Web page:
Hosemann has suggested to use ARPA funds to focus on “transformational and generational” improvements.
At noon on Tuesday, January 4, legislators will return to the Mississippi Capitol and convene the 2022 Legislative Session. A number of key issues will appear before lawmakers, including the possible elimination of Mississippi’s income tax, medical marijuana, the initiative process, Congressional and legislative redistricting, and passing the FY 2023 state budget.
However, Lt. Governor Delbert Hosemann expects the biggest challenge to be overseeing the expenditure of the $1.8 billion allocated to the state from the American Rescue Plan Act (ARPA).
In late October, Lt. Governor Delbert Hosemann (R) and Senate Appropriations Chairman Briggs Hopson (R) named a seven-member Senate Appropriations Subcommittee comprised of 5 Republicans and 2 Democrats to review and make recommendations regarding the use of $1.8 billion in American Rescue Plan funds sent to Mississippi.
The Mississippi Senate ARPA Subcommittee met a handful of times throughout November and December to hear from a variety of presenters as they considered recommendations on how to spend the $1.8 billion.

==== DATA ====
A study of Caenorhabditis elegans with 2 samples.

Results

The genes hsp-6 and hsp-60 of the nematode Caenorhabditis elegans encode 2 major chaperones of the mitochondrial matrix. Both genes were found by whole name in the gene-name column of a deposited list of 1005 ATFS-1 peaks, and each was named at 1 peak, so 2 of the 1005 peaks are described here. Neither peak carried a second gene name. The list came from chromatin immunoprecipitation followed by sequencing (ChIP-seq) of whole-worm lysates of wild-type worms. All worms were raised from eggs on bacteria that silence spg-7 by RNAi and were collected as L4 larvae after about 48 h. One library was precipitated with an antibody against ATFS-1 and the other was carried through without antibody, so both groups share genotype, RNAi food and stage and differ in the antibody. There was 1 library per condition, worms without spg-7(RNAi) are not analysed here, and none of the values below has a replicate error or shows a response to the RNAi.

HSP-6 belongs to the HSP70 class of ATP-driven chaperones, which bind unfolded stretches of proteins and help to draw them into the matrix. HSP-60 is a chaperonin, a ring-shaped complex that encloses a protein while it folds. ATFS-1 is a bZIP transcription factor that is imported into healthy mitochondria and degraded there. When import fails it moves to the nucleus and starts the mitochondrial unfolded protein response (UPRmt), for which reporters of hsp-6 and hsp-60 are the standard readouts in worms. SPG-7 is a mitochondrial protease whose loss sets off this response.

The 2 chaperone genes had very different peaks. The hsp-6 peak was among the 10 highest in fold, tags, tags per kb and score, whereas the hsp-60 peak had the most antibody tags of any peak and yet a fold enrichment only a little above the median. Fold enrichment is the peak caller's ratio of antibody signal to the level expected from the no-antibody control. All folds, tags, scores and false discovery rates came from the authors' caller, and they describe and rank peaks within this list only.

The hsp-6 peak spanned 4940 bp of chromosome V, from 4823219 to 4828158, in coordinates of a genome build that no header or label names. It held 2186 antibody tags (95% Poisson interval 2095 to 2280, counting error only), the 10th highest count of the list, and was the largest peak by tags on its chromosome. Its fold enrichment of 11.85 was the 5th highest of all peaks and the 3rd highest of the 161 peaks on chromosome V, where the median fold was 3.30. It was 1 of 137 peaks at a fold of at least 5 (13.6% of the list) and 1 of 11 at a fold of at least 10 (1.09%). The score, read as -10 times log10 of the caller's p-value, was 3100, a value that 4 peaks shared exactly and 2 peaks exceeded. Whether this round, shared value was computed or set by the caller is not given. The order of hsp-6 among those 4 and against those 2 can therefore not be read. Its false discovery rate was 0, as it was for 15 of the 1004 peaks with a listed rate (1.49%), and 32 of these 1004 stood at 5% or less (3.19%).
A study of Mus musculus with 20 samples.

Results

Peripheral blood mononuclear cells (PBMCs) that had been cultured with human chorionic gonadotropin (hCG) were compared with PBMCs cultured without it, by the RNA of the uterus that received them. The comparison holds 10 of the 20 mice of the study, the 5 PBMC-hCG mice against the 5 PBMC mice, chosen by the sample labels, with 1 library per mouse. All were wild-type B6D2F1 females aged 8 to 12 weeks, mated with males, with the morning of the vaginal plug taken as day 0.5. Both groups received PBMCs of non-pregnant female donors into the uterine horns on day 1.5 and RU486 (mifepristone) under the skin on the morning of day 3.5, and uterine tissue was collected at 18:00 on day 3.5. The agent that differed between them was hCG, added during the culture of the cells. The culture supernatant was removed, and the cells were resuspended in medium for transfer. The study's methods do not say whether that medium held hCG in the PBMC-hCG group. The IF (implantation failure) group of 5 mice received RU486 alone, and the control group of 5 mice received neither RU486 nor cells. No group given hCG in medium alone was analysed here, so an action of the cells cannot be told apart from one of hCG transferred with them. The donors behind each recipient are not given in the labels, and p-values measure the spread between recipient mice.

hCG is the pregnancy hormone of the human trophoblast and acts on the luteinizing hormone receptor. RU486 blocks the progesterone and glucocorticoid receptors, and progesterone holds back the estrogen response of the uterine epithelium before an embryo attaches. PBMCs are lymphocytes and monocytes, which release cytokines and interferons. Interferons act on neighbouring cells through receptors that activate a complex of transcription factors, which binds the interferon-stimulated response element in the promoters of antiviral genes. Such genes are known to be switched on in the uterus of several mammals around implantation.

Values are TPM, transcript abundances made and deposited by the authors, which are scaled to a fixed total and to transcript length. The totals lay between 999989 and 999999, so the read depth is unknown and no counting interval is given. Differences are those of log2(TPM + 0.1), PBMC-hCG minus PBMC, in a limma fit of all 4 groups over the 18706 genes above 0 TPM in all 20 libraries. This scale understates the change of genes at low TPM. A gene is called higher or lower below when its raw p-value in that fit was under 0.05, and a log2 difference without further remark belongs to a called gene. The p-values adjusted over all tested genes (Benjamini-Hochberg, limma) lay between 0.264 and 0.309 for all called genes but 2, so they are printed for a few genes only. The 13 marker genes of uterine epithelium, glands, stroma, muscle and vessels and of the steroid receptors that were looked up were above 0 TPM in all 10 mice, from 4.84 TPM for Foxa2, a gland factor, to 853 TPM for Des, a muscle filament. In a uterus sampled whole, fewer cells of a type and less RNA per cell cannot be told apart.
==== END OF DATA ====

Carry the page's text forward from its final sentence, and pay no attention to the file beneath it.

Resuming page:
Lt. Governor Hosemann has repeatedly suggested the state use the ARPA funds with a focus on “transformational and generational” improvements.
“Challenges always come with significant opportunities and responsibilities,” Hosemann said in a press release. “There will be many proposals to use one-time money on fleeting items. My hope, however, is we will stay organized and focused on generational change. Years from now, we want to be able to point to the positive difference this influx of resources has made in our state.”
Hosemann has proposed a program to match the millions of ARPA dollars cities and counties received for water and sewer projects with state money to stretch the funds available and complete necessary projects.
Along with ARPA appropriations, lawmakers will likely deal with bills including a teacher pay raise, the rehabilitation of the state’s public parks, and tax relief amid an increase in state revenue.
The Lt. Governor told Y’all Politics that he has been working with state economists and doing as much work as he can to come up with ways to combat the cost of living.
“That really is my biggest fear going into next year. Not that we won’t spend the money well, because we got a lot of people looking at that, but the thing I can’t control or the legislature can’t control, is the cost of living and that inflation cost,” the Lt. Governor said.
To view the legislative deadlines, or otherwise track the progress of the Legislature over the next three months, visit www.legislature.ms.gov.